Red Roses legend Waterman calls time on playing career

Red Roses legend Danielle Waterman has announced her retirement from rugby after a career which saw her reach the summit of the women’s game for club and country.

The 35-year-old full-back had already called time on her international career in 2018, having won 82 caps and scored 47 tries for England over a 15-year spell.

But one of the signature figures of the boom years of the women’s game has now played her last club game for Wasps, deciding to hang her boots up for good.

Sharing a photo of herself playing rugby when she was younger on Twitter, she said: “I think this little girl would struggle to believe the journey she was about to start.

“But it’s now time to start the next chapter #retired. To everyone who I have shared this hectic journey with and met along the way, thank you for all the love, support and memories.”

Waterman enjoyed an illustrious career with the Red Roses after making her international debut as an 18-year-old against Ireland in 2003, England’s youngest ever player at the time.

She was part of seven successful Women’s Six Nations campaigns before calling it a day in 2018, with her most recent contribution coming in the 2017 Grand Slam triumph.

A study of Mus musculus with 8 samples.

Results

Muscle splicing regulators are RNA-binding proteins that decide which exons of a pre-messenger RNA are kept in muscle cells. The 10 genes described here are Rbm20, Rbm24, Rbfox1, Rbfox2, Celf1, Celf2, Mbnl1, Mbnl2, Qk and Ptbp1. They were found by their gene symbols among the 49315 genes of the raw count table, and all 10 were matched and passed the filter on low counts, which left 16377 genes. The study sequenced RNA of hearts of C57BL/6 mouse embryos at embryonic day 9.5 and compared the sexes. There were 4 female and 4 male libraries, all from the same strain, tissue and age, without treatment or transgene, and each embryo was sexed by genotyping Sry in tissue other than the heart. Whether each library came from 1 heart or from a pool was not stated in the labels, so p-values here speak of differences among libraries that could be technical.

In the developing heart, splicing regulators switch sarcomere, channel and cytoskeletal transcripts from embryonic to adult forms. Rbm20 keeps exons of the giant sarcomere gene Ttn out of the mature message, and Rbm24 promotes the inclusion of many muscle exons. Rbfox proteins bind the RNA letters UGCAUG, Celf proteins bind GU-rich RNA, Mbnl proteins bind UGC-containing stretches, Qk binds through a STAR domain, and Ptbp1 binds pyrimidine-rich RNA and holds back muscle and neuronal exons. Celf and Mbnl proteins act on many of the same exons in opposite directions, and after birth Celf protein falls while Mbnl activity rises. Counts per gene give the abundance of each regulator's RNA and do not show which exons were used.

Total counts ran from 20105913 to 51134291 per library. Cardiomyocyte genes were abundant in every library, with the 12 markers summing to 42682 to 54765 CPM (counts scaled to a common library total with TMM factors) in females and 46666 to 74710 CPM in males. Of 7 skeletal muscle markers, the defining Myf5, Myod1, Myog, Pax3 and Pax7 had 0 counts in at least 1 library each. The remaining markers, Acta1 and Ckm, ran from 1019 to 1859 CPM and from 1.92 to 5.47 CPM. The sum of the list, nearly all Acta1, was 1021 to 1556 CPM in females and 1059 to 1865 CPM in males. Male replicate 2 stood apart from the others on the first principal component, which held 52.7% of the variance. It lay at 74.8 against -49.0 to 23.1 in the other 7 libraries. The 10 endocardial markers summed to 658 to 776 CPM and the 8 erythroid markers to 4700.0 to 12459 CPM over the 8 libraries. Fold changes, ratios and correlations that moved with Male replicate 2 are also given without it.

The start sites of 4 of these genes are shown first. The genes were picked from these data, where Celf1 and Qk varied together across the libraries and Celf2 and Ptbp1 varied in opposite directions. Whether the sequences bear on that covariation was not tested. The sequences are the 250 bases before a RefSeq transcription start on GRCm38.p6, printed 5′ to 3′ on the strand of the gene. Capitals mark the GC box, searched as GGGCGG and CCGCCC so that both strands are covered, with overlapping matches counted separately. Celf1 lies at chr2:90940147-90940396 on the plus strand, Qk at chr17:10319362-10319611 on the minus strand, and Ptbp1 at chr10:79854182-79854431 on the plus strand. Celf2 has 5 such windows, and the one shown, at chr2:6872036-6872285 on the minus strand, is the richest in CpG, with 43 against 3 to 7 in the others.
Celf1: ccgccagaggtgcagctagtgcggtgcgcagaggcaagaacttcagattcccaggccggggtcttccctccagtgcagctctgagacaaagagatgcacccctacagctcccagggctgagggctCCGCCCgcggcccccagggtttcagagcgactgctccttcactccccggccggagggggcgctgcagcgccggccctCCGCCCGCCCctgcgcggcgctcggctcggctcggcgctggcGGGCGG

Her last appearance for England came against Ireland in March on the final day of the 2018 Women’s Six Nations, marking the occasion by scoring a try in the 33-11 victory.

Waterman also played in four World Cups, scoring in the 2014 final as England beat Canada to lift the trophy in Paris, and represented Great Britain sevens at the Rio 2016 Olympics.

Having continued to play for Wasps since her international retirement, Waterman has now decided to bring an end to her professional playing career to focus on other ventures.

An ambassador for HSBC, Guinness and Gallagher, she already has her own podcast and has featured as a pundit on broadcasts for ITV, BBC and Channel 4.

She is now working towards her Level 4 coaching certificate – but whatever the future holds for Waterman, her name will forever be etched in women’s rugby history.